Everything galore 

The Raw Magillys

The mid-90's music scene in Rochester was a blur: a whirling cascade of bands and clubs packed with fans, their iPhone-less hands in the air. Back then, a phone call — on a plain phone — cost a quarter. And it seems that the technology developed to promote bands wound up being their undoing. But before this unfortunate dichotomy, bands like The Raw Magillys roamed the earth in platform shoes, adding fun and an intense originality to the scene.

Like the cell phone, the roots-rock term "Americana" was in its infancy as well. But The Raw Magillys was just that: an Americana band blending psychedelic splendor with heavy rock guitar and dashes of accordion-fueled mirth and mischief. The band packed clubs like Milestones and Richmond's and recorded one album, "The Moon Gets High." It was raucous and fun, everything galore; and though the Raw Magillys's sound essentially defined the era, it sadly faded away, its members morphing into other bands or other parts of the country.

Until now. The Raw Magillys is back, Jack. And not just for a little self-indulgent, "Hey, remember when?" but rather, its back with shows and studio time booked and new members in place — the works.

Why did it end? When did it end? Nobody in the recently revived Magillys seems to know.

"Can we just say in days of yore?" asks lead singer and ringleader Heidi Magilly. Though she and her stage sister Hildi Magilly, along with drummer Roy Stein, are a little hazy on the original dates, they are clear on when it started up again.

"It fell into place by accident," Heidi says. "A good accident. Recently, when Hildi came back into town from Miami, we started jamming together. Then we started playing as a band. It sounded really, really good. And we realized how much we missed it. It all fell into place. It was as if we'd never stopped."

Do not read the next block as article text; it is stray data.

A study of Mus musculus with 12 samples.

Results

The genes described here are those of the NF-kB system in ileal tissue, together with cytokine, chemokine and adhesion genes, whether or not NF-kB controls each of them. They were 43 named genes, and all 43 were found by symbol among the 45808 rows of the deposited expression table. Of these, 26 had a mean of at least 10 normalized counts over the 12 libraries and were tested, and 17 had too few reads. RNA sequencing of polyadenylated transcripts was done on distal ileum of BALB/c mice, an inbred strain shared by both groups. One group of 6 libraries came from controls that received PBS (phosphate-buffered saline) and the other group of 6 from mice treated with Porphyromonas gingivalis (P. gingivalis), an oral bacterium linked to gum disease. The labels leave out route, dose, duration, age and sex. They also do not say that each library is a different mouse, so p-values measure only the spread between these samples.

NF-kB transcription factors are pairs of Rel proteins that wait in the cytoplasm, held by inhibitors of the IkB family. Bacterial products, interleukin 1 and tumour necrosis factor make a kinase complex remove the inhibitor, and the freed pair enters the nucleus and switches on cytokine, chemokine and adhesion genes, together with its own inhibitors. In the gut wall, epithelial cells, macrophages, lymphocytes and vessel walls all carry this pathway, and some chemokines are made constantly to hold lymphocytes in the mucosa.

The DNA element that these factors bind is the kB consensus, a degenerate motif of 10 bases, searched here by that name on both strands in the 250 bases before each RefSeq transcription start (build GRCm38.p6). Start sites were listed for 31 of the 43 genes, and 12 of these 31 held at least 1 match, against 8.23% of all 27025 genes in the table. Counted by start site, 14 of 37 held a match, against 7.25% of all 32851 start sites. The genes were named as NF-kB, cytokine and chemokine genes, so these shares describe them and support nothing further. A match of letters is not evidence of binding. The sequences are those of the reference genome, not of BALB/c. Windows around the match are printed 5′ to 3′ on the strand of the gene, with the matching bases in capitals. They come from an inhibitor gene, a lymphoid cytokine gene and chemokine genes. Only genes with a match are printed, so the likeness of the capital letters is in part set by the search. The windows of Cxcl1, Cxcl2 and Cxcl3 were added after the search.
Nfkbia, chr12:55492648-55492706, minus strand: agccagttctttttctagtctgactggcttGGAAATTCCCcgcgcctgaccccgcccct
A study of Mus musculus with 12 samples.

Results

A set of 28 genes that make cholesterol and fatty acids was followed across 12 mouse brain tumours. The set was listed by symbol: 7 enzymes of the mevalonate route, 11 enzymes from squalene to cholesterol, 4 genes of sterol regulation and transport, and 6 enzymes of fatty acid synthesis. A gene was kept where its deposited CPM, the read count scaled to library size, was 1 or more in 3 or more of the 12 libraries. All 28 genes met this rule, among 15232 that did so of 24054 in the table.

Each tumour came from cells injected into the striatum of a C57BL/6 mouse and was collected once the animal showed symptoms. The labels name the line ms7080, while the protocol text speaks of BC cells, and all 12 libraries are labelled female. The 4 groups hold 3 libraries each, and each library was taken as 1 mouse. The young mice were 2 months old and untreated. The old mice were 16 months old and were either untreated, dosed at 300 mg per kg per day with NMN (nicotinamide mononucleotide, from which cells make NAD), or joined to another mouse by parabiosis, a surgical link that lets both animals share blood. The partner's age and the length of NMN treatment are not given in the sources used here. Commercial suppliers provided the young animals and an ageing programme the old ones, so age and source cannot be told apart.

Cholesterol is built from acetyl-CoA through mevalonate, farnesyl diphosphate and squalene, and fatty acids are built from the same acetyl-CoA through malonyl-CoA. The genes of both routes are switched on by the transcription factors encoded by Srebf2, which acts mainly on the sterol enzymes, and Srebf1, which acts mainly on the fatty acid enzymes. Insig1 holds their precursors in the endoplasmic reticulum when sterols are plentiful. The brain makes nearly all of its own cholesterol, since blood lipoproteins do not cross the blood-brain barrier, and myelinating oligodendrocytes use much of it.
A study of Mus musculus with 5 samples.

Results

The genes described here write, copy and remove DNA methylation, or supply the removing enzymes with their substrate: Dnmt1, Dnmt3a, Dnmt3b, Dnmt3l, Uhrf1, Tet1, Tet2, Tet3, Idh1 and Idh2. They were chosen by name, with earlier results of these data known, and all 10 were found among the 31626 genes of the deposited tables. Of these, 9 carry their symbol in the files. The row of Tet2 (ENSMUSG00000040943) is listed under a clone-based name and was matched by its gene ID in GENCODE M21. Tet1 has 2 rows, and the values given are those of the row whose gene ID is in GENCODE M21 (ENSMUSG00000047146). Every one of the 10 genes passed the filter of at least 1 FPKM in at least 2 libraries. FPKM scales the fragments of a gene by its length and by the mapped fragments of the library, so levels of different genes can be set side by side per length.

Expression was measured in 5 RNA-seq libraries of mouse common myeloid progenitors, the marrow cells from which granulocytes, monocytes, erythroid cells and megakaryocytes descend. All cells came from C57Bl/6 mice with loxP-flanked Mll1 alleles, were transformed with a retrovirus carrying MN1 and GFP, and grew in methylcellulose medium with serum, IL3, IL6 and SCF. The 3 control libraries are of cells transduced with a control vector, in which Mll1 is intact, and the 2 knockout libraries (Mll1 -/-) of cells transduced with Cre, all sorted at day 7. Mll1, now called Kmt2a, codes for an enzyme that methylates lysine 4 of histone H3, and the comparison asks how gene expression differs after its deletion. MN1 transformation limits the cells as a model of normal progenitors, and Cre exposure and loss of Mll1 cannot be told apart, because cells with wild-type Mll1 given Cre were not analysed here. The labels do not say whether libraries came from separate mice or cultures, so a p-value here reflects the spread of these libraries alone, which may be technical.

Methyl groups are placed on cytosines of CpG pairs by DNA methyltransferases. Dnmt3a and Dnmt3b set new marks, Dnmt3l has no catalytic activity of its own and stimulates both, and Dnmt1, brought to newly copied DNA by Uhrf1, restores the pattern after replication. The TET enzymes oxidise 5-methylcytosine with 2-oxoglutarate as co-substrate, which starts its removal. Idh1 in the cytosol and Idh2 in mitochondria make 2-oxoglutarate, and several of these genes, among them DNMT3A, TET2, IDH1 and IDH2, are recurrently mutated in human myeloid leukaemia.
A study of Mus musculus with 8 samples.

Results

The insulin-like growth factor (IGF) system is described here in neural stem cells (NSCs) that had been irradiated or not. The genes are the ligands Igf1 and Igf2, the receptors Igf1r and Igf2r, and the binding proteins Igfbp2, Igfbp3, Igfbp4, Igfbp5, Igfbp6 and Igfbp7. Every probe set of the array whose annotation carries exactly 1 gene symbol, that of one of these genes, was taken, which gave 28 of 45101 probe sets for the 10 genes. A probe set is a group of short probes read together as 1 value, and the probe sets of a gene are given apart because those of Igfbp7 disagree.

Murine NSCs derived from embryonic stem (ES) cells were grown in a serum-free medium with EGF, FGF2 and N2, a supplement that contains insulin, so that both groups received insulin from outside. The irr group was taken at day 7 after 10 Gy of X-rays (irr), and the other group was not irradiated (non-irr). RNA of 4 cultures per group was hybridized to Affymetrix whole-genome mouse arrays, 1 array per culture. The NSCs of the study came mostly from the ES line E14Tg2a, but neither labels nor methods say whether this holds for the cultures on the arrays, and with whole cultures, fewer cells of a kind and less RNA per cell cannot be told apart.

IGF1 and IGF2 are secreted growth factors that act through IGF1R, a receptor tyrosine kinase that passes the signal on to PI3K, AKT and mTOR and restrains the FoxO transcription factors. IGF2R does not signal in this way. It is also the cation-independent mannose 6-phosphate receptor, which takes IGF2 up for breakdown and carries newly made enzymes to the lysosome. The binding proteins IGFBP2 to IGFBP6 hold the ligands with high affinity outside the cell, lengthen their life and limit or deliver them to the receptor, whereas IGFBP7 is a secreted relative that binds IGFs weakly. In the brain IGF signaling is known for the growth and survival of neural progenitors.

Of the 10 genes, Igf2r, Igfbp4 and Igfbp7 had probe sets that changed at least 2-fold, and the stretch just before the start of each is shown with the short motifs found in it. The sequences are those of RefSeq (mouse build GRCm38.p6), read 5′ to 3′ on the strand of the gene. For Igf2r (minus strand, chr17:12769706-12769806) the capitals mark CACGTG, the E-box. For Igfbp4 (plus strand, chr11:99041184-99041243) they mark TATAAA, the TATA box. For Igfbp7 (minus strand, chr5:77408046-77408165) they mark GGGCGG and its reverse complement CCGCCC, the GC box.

The Raw Magillys started practicing in earnest with new bassist Alex Goettel. Goettel was a perfect fit and he locked in with the drums — and the whole band — quick-like.

"And he can sing really, really well," Stein says.

Goetell hit the ground at full giddy-up.

"It was fun coming into a band that was so fully formed," Goetell says. "I try to describe the band's style to people and it just ends up with 'You've just got to check us out.'"

On stage, The Raw Magillys is aggressively friendly, antagonistic, and coy. Heidi's plugged-in squeezebox (named Waldo Ball) plays counterpoint to the band's secret weapon: Hildi's big, bad Les Paul. She wields it like a Viking. There are hints at hillbilly boogie and lingering expanses a la bands like The Stranglers and The Gun Club. And if that weren't sweet enough, the band passes out brownies and chocolate chip cookies to the crowd.

The future looms bright for this resurrected quartet ... so does the studio. But the live show is the thing right now with perhaps a more focused sound. According to Hildi, there's nothing the band won't try.

"I would hate to limit us because we could really do anything," she says, "as long as we Magilly-fi it."

And they love to play. Stein recalls a double bill one night with NRBQ. The band's horn section was all set to defect. "That's when their horn section asked to join our band," he says.

"That show was fantastic," Heidi says before Hildi adds, "It must have been, because I don't remember that."